I had a client in Lewiston ID recently who closed on a house over by Lewis-Clark State College. Eric, the dad, was active duty military and had only had a few minutes to spare when we did the inspection. His wife was also busy plus they had three kids under the age of four. These were busy, busy parents.
The night that they closed on the house, I got a phone call from Eric. The gas furnace was dead, no good, muerto. 7:30 pm on a Friday night and my clients have no heat with the temperatures supposed to drop to the high 20's that night. Not good at all.
So I bundled up, headed out and went to see what I could do to help. When I got there, the Realtor was already there (which impressed the heck out of me since it was a Friday night!) and the kids were running from room to room having a blast. Eric was out buying new fuses for the current overprotection on the furnace - he and Brian Wilson, the Windermere Allstar Realtor, thought it might be a power problem.
I tested the thermostat first and heard it click to activate when I hit it with a heat demand. Good. But nothing from the furnace. Bad. So I tried turning on the fan from "auto" to "on" to see if I could force the blower to start. Switch worked fine, good. Blower didn't start, also good - I now had a (slim) clue. Brian and Eric were on the right track - it was a power problem.
The next test was to see if the fuse was burned out (newer houses will have a wall switch instead). It looked good but we replaced it anyway. I could track the input power to the junction box and also to the furnace. Into the box was "live" and to the furnace was "dead". And it stayed that way after changing the fuse. Odd, so I did what home inspectors aren't supposed to do - I took apart the junction box.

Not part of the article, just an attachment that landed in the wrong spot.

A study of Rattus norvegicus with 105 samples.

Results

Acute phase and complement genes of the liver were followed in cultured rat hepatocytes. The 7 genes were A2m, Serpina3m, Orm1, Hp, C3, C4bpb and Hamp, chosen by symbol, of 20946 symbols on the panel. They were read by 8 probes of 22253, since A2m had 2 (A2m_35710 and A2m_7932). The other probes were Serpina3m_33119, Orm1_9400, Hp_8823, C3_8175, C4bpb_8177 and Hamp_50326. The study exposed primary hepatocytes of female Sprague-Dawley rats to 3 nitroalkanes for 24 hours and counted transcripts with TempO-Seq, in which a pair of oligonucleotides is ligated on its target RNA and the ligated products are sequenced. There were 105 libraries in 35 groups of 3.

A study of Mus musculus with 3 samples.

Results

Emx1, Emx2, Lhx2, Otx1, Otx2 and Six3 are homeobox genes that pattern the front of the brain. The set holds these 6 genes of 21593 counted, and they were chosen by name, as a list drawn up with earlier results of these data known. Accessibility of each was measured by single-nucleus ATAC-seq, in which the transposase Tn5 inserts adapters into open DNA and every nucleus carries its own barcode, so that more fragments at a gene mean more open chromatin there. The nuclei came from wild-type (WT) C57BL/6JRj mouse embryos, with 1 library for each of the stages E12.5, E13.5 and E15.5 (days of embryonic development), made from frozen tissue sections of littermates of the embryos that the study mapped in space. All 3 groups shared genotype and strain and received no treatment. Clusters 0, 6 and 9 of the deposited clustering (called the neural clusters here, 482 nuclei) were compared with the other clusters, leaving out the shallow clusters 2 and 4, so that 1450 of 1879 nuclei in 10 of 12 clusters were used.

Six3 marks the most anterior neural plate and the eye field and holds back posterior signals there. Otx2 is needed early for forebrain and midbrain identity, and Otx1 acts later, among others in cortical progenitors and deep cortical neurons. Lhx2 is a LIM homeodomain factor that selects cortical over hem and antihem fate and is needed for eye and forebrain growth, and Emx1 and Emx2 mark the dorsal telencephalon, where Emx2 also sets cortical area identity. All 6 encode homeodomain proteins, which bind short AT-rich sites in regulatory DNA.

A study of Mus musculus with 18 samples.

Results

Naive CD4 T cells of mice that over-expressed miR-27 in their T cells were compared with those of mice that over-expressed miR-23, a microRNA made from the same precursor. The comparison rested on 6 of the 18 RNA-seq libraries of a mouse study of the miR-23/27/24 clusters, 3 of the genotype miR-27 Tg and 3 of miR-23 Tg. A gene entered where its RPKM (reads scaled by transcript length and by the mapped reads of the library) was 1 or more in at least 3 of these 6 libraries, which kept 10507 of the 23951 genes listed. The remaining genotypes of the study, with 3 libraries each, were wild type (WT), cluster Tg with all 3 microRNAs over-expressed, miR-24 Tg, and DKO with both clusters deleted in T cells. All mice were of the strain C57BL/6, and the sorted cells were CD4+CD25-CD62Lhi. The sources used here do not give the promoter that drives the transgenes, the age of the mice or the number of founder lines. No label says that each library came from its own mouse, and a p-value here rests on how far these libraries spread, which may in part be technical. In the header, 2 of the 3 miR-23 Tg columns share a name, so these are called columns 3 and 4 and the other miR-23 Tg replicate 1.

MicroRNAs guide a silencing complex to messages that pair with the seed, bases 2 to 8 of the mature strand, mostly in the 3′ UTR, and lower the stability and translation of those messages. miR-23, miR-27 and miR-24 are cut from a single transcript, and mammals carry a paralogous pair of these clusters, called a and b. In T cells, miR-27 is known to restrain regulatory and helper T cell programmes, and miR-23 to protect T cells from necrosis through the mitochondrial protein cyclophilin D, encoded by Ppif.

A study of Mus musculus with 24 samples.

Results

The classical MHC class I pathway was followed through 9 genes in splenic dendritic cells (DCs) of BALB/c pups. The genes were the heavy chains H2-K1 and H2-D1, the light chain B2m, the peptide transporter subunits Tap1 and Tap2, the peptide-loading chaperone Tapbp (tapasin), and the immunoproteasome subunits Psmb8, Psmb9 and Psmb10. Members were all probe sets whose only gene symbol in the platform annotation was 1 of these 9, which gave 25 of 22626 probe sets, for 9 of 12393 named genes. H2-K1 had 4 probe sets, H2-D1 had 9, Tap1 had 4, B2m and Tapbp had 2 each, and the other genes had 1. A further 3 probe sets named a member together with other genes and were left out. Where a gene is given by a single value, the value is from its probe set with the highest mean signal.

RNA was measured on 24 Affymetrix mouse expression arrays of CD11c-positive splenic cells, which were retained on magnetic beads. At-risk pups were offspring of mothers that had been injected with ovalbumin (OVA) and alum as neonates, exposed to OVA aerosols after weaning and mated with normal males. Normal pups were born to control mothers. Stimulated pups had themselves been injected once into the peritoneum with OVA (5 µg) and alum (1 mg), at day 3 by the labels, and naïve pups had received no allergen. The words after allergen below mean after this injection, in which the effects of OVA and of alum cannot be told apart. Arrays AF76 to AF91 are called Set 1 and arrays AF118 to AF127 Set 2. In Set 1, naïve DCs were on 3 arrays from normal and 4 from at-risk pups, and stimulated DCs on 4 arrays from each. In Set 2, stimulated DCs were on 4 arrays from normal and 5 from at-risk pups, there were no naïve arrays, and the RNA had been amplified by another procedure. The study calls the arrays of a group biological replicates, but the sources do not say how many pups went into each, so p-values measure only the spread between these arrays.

It turns out that there were two lines into the box and two out but only one was live and they mixed up the two wires so the new stuff was connected to the old feed and vice versa. One line from the electrical panel (supplying the furnace) was dead. Obviously, the breaker at the main panel was off. Easy fix.
We went outside to the breaker panel and I just stopped dead. The panel didn't look right. It had been a couple of months between the original inspection and this particular Friday night. I had forgotten that the house had a Federal Pacific panel that was just fried. Eric had asked for the panel to be replaced and the seller agreed. Brian reminded me of the original panel - It's never good when the inspector is looking confused. I went ahead and opened the new panel, looking for the breaker for the furnace. I looked again.
Then I laughed. When the electrician rewired the panel, he forgot to include the furnace circuit when he did.
We didn't have a furnace problem. We had electrical issues , one easy to fix (on Monday!) It was very much a relief to Eric and his wife and to me as well, plus I had the satisfaction of being of real service to Eric's family and to the Realtor.